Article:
In the end, it didn’t take a calabash pipe and a wry wit to crack the case—a computer algorithm did the job just fine. Back in February, U.K.-based RAVN Systems put its purpose-built cybersleuth to work uncovering a major bribery scandal at Rolls-Royce. The CPU-d crusader scoured some 30 million legal documents, revealing corruption and financial malfeasance that led to a £671-million ($1.1-billion Canadian) settlement.
It likely won’t be the last time a machine gets the job done. Robots are expanding past their home on the factory floor and starting to threaten human employment in a variety of professions. In the future, much of the drudgery of the working world—be it the widget building of blue collar jobs or the paper pushing of white collar ones—will be outsourced to some form of computer, whether it’s on wheels or not.
Over the past few years, scientists have been busy devising machines that can perform complex job-related tasks that at one time only humans could do. San Francisco–based Momentum Machines has built a robot that can make gourmet hamburgers. You can find Knightscope’s eerily Dalek-like robots patrolling the shopping malls and parking lots of Silicon Valley by day and night. Down on the farm, the Australian Centre for Field Robotics has developed a mechanized shepherd, while Kyoto-based Spread has created the Vegetable Factory, an indoor hydroponic farm that can feed, water, and harvest thousands of heads of lettuce a day with minimal human input. Meanwhile in India, CaseMine has developed an artificial intelligence (AI) that aims to make paralegal and legal research positions obsolete.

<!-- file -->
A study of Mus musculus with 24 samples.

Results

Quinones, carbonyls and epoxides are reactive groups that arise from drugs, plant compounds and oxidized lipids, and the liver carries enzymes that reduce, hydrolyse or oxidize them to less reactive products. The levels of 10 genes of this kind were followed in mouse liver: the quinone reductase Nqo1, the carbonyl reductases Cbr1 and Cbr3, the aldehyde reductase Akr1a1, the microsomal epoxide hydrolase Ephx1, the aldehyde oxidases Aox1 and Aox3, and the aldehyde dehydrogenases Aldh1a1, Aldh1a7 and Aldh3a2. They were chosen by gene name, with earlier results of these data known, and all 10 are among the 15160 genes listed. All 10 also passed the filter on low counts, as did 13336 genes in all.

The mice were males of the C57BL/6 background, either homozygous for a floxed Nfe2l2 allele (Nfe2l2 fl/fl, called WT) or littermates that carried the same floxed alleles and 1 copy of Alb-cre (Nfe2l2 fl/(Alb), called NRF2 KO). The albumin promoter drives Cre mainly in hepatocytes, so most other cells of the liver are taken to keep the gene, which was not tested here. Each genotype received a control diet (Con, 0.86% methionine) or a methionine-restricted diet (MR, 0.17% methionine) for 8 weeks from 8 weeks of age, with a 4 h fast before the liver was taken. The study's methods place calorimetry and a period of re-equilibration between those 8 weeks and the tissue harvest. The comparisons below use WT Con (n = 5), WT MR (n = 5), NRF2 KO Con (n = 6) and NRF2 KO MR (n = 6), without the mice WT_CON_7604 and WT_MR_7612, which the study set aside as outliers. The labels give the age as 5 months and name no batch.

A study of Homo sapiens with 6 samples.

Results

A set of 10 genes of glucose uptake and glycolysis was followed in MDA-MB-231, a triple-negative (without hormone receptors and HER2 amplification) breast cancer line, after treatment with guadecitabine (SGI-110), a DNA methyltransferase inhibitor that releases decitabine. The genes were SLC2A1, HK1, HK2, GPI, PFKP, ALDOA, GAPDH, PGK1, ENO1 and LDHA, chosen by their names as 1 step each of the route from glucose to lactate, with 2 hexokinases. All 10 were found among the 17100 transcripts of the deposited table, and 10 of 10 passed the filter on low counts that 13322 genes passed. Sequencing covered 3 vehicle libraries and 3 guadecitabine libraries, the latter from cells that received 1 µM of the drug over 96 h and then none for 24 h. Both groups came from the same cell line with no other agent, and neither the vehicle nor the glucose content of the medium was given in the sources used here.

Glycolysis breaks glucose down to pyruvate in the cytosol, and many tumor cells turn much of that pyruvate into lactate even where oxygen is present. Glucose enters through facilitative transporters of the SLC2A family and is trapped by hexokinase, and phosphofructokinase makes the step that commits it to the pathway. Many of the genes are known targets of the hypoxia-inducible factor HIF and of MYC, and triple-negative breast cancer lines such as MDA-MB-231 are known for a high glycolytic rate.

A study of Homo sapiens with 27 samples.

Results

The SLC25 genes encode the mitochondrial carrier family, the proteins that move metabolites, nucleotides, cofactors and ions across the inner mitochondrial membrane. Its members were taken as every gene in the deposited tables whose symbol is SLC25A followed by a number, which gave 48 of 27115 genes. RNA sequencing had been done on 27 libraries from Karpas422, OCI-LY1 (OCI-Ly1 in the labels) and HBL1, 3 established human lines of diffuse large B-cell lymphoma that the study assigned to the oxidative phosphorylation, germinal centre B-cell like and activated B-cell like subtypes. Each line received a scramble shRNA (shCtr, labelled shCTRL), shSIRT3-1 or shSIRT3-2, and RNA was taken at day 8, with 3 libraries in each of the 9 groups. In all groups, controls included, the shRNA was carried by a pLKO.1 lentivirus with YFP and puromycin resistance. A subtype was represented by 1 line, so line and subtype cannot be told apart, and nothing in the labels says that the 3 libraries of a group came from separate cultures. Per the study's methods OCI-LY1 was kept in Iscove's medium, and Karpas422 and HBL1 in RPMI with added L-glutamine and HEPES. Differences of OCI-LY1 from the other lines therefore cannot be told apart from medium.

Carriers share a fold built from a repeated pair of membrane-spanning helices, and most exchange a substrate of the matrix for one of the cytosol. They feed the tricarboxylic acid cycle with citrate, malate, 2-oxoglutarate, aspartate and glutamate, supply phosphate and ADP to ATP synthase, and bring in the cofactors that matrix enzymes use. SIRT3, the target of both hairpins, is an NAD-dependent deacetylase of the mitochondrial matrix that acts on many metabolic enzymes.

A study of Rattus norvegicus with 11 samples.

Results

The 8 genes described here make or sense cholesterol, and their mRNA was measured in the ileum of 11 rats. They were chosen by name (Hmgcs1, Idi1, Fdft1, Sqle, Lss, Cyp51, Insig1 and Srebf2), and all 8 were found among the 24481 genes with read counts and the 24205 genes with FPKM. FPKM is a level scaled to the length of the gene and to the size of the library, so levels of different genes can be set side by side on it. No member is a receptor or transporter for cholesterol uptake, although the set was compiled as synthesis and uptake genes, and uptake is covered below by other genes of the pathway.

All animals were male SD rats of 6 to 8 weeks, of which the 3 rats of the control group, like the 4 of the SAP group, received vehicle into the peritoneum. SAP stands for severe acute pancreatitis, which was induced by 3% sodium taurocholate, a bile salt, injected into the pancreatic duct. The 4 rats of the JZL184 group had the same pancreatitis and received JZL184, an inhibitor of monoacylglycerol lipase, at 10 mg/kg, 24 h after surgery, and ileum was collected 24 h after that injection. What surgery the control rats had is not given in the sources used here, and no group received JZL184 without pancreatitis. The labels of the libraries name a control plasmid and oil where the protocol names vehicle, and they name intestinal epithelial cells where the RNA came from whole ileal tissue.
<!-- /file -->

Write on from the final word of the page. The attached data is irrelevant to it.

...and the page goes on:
Robots are expanding past their home on the factory floor.
Feeling a little nervous? A visit to the website replacedbyrobot.info might calm your nerves—or not. The site uses data from a 2013 Oxford University study to provide an educated guess about the likelihood that over 700 different jobs will be “computerized” over the next 20 years. Turns out bookkeepers (98 per cent), roofers (90 per cent), and taxi drivers (89 per cent) have plenty to worry about. The news is better for optometrists (14 per cent), floral designers (4.7 per cent), and (perhaps unsurprisingly) human resource managers (0.55 per cent).
Perhaps a more intriguing question than whether we’ll lose our jobs is what happens when we do. When some imagine a future without jobs, they see a pleasant, Star Trek–ish population liberated from the burdens of dull, meaningless work, with individuals free to find and follow their true purpose. Then again, you needn’t turn to science fiction to find examples of how job-busting technology creates as much despair as it does hope—just ask the good folks in the Rust Belt about the “freedom” of not having to get up for the Monday morning shift, or talk to a taxi driver about the “excitement” of self-driving cars.
The fact is, making a living has always been about more than making money—and the fear of losing your job is more than losing a paycheque. Work is, at least in part, a way of giving your life meaning, structure, and worth. Hard to find that on a pink slip, no matter how much “freedom” comes with it.